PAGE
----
The 2018 Austin Conservation Luncheon took place on Tuesday, March 20, 2018, at the prominent JW Marriott Hotel in Austin Texas. The luncheon with global importance presented the renowned and outstanding National Geographic photographer “Joel Sartore.” as speaker. He walked the luncheon attendants though his journey with National Geographic’s “The Photo Ark” project that was started 11 years ago in his hometown of Lincoln, Nebraska. “Joel Sartore” specializes in documenting endangered species and landscapes around the world. He is the founder of the Photo Ark, a 25-year documentary project to save species and their habitats.
The Photo Ark is a multi-year National Geographic project with a simple goal: to capture portraits of the world’s species before they disappear and to inspire people everywhere to care about the extinction crisis. Many of the animals he portrays live in the world’s zoos and aquariums, institutions dedicated to preserving and caring for species of all kinds. The Photo Ark is the largest archive of its kind and growing. Sadly, the world’s last male northern white rhino died on Tuesday, March 20, 2018, and he talked about the awareness of caring for our endangered species. He created a great energy of awareness since rhinos are targeted by poachers and have become more lucrative than drugs, but fortunately, researchers were able to save some of the last northern male white rhino’s genetic material with the hope that that artificial insemination would become successful with the two females left.
Sartore’s commitment to saving species is a fascinating tale that relates closely to the Nature Conservancy who was also part of the luncheon. The Nature Conservancy‘s work in Texas includes protecting at-risk species such as the restoration of the grasslands to preserve and improve monarch butterfly habitat, acquiring land to conserve one of the last remaining wintering grounds for the endangered whooping crane, and protecting vital wildlife corridors for ocelots in South Texas. Like Sartore, the Conservancy is dedicated to connecting people and nature throughout the Lone Star State.
The mission of The Nature Conservancy is to conserve the lands and waters on which all life depends and its vision is a world where the diversity of life thrives where people act to conserve nature for its own sake and its ability to fulfill our needs and enrich our lives. The Nature Conservancy is taking on the tough issues facing conservation today, from climate change to coral reefs, and energy development in a growing world. They are applying high-level strategies for the conservation work around the world in the following areas: protecting water, action on climate change, conserving land and transforming cities.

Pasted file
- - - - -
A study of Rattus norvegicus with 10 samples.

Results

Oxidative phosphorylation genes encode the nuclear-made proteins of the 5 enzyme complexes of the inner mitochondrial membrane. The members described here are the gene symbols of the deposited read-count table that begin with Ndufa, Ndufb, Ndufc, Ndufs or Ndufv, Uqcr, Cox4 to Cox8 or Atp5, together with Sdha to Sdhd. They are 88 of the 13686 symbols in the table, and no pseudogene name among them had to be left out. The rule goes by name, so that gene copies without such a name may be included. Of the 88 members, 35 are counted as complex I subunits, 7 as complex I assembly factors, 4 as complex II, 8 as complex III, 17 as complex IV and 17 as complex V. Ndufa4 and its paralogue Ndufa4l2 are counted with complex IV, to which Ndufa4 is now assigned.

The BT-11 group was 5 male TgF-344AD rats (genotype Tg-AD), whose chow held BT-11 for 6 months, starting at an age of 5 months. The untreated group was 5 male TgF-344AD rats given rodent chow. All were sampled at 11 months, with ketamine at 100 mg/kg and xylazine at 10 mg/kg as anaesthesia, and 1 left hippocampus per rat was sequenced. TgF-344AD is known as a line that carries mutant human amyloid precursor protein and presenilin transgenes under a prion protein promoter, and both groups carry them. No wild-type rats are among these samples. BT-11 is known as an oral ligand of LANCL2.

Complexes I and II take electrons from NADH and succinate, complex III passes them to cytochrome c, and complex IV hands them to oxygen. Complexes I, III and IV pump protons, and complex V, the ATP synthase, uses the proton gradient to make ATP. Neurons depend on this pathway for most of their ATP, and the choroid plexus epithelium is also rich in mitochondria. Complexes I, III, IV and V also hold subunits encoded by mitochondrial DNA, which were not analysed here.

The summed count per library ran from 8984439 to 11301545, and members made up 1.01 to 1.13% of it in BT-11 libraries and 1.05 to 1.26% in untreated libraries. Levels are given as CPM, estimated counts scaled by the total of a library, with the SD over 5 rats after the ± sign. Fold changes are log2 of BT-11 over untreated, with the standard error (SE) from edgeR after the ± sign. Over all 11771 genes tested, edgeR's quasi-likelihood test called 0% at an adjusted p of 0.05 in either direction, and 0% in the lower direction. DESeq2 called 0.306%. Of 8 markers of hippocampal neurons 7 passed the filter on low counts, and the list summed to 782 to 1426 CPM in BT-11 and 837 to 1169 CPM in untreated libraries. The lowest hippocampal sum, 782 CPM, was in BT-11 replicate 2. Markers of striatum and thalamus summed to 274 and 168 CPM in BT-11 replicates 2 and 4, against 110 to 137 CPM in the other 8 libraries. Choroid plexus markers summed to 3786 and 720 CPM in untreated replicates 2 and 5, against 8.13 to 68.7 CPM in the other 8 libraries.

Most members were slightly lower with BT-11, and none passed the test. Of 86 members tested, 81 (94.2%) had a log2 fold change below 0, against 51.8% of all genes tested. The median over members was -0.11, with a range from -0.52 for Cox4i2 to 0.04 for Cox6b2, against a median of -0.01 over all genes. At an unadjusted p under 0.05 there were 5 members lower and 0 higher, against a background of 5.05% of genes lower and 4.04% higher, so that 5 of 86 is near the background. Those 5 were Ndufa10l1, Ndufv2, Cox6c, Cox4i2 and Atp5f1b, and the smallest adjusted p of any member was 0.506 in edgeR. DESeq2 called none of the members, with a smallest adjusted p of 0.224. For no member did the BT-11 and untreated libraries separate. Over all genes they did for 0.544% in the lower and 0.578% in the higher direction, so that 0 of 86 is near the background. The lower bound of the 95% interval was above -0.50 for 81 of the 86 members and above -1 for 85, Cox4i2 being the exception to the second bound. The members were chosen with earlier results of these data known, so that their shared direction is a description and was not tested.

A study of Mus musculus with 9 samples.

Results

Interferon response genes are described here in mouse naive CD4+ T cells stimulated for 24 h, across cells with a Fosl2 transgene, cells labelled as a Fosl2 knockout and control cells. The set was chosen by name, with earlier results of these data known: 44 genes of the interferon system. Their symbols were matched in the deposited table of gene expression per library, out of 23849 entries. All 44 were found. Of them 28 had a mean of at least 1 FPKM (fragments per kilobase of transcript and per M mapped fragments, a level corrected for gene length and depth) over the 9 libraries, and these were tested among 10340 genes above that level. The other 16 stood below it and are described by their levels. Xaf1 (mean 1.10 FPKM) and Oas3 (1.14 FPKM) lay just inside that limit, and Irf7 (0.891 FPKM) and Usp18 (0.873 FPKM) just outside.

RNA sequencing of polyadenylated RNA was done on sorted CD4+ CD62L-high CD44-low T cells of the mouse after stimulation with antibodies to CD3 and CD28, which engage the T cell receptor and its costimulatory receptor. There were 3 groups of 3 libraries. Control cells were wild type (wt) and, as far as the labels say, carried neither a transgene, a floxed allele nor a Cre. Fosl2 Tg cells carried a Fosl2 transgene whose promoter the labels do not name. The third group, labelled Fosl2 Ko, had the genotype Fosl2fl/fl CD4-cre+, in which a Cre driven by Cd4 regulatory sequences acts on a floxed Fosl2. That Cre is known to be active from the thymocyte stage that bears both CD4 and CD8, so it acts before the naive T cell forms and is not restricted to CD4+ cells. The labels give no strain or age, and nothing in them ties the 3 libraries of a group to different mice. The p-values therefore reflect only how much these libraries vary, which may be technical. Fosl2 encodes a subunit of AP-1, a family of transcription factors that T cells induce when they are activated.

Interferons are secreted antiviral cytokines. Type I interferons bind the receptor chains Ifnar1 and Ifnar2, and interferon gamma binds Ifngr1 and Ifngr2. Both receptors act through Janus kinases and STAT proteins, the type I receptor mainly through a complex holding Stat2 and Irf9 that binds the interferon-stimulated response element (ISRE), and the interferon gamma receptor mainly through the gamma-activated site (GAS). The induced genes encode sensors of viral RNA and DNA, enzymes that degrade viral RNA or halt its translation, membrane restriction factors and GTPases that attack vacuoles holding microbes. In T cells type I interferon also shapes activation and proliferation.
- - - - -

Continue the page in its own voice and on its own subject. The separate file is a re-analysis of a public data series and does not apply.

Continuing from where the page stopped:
Laura Huffman Texas State Director of the Nature Conservancy in Texas is the head of the statewide team of scientists, conservation experts, and support staff who work to protect the integrity of Texas’ vast natural resources and most iconic landscapes. Huffman is also a founding director of the Conservancy’s North America Cities program, created to support cities as they integrate natural infrastructure into local planning and development initiatives in ways that safeguard people and reduce vulnerability to climate change. During the luncheon held on March 20th, she said, “We are anxious about the unknown, our ecosystem has been affected and there is uncertainty. Our interaction with our community, nature, and our interaction with our community at this very moment does matter.” She thanked all the professionals in Austin who have been working on preserving the environment and the great number of people who visited Austin from around the country to attend the luncheon. She emphasized during her presentation that we are all part of the ecosystem and our interactions and how we behave with it is essential. She also said: “Our mission is recognized when our ecosystem has been threatened or damaged, but we have still hope”.